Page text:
This Selected Issues paper and Statistical Appendix analyzes growth and recovery in Mongolia during transition. The paper describes the major sources of economic growth in Mongolia since the early 1980s in the context of a basic growth accounting framework. It discusses Mongolia’s post-transition growth performance relative to other transition countries. This paper also summarizes the main weaknesses of the existing national accounts statistics and reviews the recent developments and prospects for the main components of GDP.
This Selected Issues paper and Statistical Appendix analyzes economic developments in Lithuania during 1996–99. The paper discusses macroeconomic developments and policies in detail. It discusses the importance of fiscal prudence in maintaining sustainable fiscal and external positions over the medium term, and emphasizes that reining in budgetary spending will be a key challenge in the period ahead. The paper reviews external competitiveness and concludes that Lithuania’s competitiveness has remained adequate through early 1999, although there remains little room for further real appreciation and wage rises that are not related to productivity increases.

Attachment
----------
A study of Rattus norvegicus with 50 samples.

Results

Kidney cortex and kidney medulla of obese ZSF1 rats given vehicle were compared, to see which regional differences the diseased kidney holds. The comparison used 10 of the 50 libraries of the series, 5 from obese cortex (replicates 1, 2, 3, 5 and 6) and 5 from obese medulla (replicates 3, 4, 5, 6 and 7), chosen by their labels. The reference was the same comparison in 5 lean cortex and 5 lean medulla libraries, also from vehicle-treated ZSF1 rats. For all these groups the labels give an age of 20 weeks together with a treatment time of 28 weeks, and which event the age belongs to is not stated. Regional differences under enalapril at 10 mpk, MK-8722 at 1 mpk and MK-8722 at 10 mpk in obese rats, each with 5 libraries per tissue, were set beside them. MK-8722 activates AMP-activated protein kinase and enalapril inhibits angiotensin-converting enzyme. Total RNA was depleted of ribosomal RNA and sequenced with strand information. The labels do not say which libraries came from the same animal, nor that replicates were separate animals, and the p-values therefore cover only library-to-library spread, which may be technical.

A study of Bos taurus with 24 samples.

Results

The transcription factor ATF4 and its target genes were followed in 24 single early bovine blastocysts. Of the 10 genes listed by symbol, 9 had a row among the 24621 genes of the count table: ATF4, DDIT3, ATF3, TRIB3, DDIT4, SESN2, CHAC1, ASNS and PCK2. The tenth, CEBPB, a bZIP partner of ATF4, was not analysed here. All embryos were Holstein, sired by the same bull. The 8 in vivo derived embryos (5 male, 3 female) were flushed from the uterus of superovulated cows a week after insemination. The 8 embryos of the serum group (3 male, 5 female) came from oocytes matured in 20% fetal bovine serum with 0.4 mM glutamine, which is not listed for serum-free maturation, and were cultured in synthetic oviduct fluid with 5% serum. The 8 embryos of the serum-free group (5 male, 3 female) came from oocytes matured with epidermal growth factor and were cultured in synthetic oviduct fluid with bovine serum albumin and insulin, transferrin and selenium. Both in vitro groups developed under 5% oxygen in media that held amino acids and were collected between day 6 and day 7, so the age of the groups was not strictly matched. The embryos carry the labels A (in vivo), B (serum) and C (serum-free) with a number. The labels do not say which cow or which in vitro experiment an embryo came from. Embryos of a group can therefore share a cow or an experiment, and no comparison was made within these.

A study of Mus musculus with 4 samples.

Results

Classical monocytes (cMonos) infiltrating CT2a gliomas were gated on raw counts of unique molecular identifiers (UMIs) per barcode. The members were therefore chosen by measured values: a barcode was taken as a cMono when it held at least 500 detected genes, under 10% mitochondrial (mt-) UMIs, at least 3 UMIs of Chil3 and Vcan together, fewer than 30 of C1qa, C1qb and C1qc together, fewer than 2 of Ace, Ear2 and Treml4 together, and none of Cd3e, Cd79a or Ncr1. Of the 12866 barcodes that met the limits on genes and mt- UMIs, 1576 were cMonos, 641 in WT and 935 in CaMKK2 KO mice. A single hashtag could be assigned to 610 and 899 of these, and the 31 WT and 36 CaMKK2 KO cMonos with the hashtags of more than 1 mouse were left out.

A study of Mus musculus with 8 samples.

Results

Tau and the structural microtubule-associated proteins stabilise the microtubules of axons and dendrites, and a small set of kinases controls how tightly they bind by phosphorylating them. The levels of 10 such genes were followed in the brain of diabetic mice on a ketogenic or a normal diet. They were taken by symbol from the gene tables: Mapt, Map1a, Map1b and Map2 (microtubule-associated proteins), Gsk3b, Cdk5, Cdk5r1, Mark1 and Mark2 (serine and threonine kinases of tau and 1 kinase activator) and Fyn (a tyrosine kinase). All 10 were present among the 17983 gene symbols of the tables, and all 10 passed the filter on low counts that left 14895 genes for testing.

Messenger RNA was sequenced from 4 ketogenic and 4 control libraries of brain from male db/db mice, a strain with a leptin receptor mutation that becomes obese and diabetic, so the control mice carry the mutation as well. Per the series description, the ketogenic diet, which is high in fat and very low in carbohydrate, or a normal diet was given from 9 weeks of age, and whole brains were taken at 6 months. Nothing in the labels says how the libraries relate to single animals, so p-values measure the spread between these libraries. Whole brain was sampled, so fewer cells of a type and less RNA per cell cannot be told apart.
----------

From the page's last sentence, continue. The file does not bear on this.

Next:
This paper examines the Annual Progress Report (APR) on Rwanda’s Poverty Reduction Strategy Paper (PRSP). The 2004 APR is an important progress marker in Rwanda’s long-term vision to reduce the proportion of Rwandans living below the poverty line from 60 percent to 25 percent and raise per capita incomes from $250 to above $1,000. It represents an analysis of progress to date under the 2002 PRSP and sets out in detail government initiatives, which contribute to the goal of poverty reduction.
The 2006 Article IV Consultation on the Republic of Tajikistan explains political and economic developments. Although Tajikistan’s external debt profile has improved significantly, total public and publicly guaranteed debt is projected to increase significantly, mainly because of large project-related disbursements from China. Any financial resources directed to the private sector, particularly if subsidized, should be channeled through the budget in a transparent manner. Executive Directors welcomed the authorities’ intention to put in place a debt management strategy that will prevent public debt from exceeding 60 percent of GDP.